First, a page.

If I refinance my car loan or mortgage, will it hurt or help my credit?
Ever thought about refinancing your car loan or mortgage? Then you’ve probably wondered what will happen to your credit score if you do refinance. After all – what good is a refi if it’s going to do more harm than good?
The truth is, refinancing is a major financial decision. And like any financial decision, you need to look at the entire picture. To get you started, we’re breaking down how refinancing can both help and hurt your credit.
Here’s How Refinancing Can Help Your Credit
A refinance pays off an existing loan and replaces it with a new loan with new terms. This is important because your credit score measures how well you manage your debts. By paying off a loan, you demonstrate to the credit bureaus that you can responsibly manage your money. This could bump your score up. And because you’re replacing one installment loan with another, you’re keeping a good mix of credit types. This is also a positive factor in your score.
By refinancing, you’re usually going to have a lower monthly payment as well – giving yourself a better shot at making those payments on time. You may even find yourself able to pay more than the minimum monthly payment. This can help drive your credit score up. A good payment history is one of the most important components of your credit score. In fact, MyFico confirms that payment history accounts for 35% of your score. So if you’ve been struggling to make payments, refinancing can help you build a good payment history and improve your credit score.
Thinking about refinancing your car loan? Check out the top 4 things to consider first. Read It Now
Here’s How Refinancing Can Hurt Your Credit
Your Application Results in a Hard Inquiry
When you start shopping for a refinance, lenders will pull your credit to determine your eligibility. These credit checks are hard inquiries, and each hard inquiry can lower your score. The best practice is to do all of your rate shopping in a short amount of time. Experian confirms that most credit score models will treat multiple inquiries in a short timeframe as a single inquiry. While a hard inquiry can lower your score a bit, getting right on track with on-time payments on your refinanced loan will help negate that loss.
You Apply Multiple Times
While rate shopping within a short period of time lessens the impact on your score, rate shopping, applying for multiple refinances, or applying for additional loans over a period of months can have a longer-term negative impact on your score. If you apply multiple times over a period of months your score doesn’t have the opportunity to recover. This could result in a longer-term reduction in your credit score.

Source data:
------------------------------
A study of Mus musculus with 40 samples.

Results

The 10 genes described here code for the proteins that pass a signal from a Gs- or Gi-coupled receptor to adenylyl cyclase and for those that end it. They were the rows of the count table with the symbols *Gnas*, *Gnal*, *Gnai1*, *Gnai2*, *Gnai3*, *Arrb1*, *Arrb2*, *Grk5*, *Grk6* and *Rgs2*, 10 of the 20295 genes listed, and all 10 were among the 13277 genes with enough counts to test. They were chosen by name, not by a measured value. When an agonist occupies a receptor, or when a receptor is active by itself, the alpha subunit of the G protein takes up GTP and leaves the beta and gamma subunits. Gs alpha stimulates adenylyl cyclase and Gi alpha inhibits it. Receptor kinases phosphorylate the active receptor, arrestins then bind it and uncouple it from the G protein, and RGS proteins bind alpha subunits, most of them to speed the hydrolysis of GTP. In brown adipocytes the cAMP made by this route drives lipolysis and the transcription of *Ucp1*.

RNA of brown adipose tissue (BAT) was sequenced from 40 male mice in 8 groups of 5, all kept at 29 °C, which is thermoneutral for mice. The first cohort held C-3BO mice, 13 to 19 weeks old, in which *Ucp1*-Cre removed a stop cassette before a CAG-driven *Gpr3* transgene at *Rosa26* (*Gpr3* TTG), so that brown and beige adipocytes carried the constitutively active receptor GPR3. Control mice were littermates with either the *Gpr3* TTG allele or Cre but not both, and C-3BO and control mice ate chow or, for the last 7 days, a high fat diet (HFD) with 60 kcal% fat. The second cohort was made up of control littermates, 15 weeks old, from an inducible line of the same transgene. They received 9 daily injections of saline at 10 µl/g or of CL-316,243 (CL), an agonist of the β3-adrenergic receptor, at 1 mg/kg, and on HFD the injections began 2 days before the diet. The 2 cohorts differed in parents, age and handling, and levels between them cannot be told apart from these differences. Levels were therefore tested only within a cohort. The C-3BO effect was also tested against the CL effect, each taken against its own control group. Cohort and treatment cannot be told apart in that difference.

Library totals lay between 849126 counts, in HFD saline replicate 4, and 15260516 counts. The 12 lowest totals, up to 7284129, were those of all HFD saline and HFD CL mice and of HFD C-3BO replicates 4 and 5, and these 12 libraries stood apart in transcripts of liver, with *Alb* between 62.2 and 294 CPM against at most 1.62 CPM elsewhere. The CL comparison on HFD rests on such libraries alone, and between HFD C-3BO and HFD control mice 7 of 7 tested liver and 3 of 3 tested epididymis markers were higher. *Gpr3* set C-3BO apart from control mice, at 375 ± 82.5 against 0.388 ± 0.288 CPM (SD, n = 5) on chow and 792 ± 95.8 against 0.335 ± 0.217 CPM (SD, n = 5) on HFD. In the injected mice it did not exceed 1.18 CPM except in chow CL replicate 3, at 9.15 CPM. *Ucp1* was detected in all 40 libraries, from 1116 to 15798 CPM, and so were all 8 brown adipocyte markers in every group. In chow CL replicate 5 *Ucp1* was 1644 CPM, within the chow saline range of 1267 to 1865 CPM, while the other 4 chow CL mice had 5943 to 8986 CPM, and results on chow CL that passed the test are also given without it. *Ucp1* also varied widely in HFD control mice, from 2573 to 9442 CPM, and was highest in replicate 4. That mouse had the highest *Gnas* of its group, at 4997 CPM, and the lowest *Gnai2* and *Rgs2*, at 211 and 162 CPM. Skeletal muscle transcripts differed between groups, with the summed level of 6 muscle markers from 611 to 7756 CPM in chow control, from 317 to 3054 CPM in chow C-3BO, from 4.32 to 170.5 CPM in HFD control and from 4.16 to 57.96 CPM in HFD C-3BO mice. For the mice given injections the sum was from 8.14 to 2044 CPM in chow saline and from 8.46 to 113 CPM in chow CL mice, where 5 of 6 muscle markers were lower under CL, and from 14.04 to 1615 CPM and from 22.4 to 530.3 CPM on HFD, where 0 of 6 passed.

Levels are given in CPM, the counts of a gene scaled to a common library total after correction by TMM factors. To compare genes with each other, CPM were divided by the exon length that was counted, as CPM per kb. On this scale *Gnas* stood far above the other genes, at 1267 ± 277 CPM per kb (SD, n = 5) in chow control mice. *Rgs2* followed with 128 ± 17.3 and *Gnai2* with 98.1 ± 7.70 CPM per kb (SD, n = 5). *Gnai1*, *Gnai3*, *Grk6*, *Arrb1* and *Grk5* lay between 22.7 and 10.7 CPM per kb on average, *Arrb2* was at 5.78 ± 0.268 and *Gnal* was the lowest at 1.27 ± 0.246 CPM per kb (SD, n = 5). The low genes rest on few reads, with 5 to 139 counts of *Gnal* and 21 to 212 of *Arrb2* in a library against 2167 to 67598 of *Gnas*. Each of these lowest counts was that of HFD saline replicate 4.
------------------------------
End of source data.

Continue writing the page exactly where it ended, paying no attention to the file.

In addition, when you refinance, you’re opening a new loan. A new account can negatively impact your score. As you start making timely payments, though, your score will be able to bounce back.
You’re Closing an Account
Good payment history and length of credit are both important factors in your credit score. Refinancing pays off your original loan, eliminating that credit history – so closing that original loan could lower your score. If your payment history on the original loan was good, though, some credit models will take that into consideration. And if you make on-time payments on your refinanced loan, you’ll start building that good history right back up.
If you’re refinancing your mortgage, it’s important to keep making payments on your original mortgage until the refinance is complete. Some lenders will tell you to stop making payments as the refinance pays off the original mortgage. If there’s a delay, however, you could get hit with late fees from your original lender.
How Do I Know if Refinancing is Right for Me?
The impact refinancing can have on your score is just one thing to consider. Before moving ahead with a refinance, think about these other pieces of your financial story.
Change in rate. Is your refinance rate good enough to justify the refinance process? Use our auto loan or mortgage calculator to estimate what your new payment would be. Estimating your new monthly payment will help you determine if refinancing makes sense for you right now.
Current credit health. Has your credit score improved since you first took out the loan? If so, you may be able to get a better interest rate with a refinance. And a lower rate could mean lower monthly payments or a quicker payoff.
No plan to buy a home soon. If you’re thinking about refinancing your car loan, be sure you don’t have any plans to purchase a home in the next few months. You’re going to want your credit to be as healthy as possible before applying for a mortgage. Refinancing does impact your credit, so be sure you either hold off until after your home purchase or leave enough time for your score to recover.
Keep in mind that refinancing isn’t a quick fix. Think about your long-term financial goals, your current financial health, and your realistic ability to make payments before moving forward with a refinance.